The two methods of transmitting or distributing power are via an overhead system or through underground cables.
The two methods of transmitting or distributing power are via an overhead system or through underground cables. An electrical power cable is a cable that’s used for transmission and distribution of electrical energy. Mostly, electrical power cables are installed as permanent wiring within buildings, where they may be overhead, exposed, or even buried in the ground.
A power cable has two or more electrical conductors that are individually insulated, and held together by a sheath that covers them fully. These cables are used mainly for transmitting extra high voltages where it is impractical to use overhead lines, for example, airfield crossings, seas, etc. Power cables have three main components – sheath, dielectric, and conductor. The others are bedding, and beading or armoring (if needed). In case of multi-core cables, there is another component – LAY.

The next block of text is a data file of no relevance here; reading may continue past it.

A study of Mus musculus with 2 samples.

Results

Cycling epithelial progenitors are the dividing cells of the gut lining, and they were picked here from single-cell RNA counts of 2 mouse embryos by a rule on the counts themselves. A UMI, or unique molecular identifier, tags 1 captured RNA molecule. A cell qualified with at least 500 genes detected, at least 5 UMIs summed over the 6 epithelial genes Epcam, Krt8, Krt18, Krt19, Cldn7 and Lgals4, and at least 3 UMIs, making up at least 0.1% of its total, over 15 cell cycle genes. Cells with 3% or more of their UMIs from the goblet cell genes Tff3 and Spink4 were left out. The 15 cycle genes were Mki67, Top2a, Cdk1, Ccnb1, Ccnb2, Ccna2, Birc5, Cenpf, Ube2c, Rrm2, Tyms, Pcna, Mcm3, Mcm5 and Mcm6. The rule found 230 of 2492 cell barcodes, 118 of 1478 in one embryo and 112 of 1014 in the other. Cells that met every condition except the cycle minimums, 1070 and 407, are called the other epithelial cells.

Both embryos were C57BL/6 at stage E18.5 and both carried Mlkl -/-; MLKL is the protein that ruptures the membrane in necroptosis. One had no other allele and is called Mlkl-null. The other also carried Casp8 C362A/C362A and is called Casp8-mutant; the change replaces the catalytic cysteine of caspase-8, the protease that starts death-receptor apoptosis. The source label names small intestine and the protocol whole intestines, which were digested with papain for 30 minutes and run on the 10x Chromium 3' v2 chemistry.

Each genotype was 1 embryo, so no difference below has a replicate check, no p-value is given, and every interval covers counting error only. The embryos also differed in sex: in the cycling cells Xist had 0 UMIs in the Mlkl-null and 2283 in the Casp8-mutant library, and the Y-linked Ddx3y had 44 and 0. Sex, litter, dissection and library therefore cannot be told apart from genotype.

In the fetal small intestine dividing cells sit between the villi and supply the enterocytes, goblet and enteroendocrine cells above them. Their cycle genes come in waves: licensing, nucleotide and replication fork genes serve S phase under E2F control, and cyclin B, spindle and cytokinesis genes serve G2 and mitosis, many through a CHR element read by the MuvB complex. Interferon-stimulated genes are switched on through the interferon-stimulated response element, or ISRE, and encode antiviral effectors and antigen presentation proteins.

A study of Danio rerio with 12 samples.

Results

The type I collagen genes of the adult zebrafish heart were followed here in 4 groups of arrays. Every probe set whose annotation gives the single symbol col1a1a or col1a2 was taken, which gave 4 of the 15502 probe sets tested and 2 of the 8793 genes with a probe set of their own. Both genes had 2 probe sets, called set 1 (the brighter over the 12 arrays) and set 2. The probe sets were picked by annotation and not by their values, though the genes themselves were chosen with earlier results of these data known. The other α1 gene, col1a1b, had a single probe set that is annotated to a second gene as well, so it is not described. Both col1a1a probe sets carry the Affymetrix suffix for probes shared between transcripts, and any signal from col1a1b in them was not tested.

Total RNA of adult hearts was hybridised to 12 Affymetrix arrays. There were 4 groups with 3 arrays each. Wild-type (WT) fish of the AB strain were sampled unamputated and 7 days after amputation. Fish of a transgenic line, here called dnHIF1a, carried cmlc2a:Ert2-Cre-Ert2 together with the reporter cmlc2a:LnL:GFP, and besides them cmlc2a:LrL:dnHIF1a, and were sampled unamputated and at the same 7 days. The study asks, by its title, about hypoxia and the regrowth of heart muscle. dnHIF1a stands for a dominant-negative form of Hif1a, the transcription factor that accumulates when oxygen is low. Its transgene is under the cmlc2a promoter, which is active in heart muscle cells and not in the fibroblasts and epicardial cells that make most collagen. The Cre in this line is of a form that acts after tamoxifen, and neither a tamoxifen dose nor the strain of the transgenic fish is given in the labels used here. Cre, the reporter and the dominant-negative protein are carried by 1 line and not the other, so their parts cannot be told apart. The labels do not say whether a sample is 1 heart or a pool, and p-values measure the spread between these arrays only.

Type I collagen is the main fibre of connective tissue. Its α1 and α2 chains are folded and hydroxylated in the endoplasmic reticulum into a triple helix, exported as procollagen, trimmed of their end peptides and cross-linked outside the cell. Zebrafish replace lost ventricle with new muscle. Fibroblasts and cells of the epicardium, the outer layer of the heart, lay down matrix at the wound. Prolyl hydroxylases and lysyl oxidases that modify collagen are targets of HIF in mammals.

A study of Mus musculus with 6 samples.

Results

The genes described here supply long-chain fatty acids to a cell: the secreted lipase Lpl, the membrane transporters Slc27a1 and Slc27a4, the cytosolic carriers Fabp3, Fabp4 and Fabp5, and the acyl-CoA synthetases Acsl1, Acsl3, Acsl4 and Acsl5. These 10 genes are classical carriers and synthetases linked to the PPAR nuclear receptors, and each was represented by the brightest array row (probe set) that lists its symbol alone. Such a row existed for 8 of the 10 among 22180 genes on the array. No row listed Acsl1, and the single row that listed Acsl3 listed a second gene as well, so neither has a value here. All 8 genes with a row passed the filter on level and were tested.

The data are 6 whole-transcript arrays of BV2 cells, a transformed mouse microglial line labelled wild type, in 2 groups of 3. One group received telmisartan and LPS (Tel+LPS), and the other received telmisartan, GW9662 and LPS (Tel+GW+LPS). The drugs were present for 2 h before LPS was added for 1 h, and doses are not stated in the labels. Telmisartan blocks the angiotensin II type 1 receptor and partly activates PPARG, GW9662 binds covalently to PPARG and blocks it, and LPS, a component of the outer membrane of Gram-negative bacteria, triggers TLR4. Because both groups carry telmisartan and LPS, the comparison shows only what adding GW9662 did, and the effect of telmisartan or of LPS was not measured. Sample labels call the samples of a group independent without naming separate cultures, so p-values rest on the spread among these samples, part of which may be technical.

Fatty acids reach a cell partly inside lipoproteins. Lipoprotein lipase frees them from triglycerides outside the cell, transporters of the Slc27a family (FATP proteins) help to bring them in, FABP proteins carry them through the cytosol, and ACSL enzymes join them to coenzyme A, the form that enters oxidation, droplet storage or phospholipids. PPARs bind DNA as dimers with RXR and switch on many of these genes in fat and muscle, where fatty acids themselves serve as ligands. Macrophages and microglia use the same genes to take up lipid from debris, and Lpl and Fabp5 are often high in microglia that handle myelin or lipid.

A drawback of these cables is that for the same voltage the underground cable is far more expensive than the aerial one. Most manufacturers make these cables as per the following:
• The voltage and the current that would pass through them
• The maximum operating temperature
• Purpose of application
Let us understand how these cables are designed for specific purposes. In case the cables are to be used for mining, they are given extra mechanical strength and double armoring to save them from stress and pressure. In case of wind power plants, the requirement is usually for flexible cables that also have UV protection, and they are made keeping these specifications in mind, and are made with a tougher sheath.
Underground cables are the sturdiest of the lot – they are invulnerable to damage caused by storms or lightning, have a better appearance, have low maintenance cost, fewer voltage drops, and minimal chances of faults.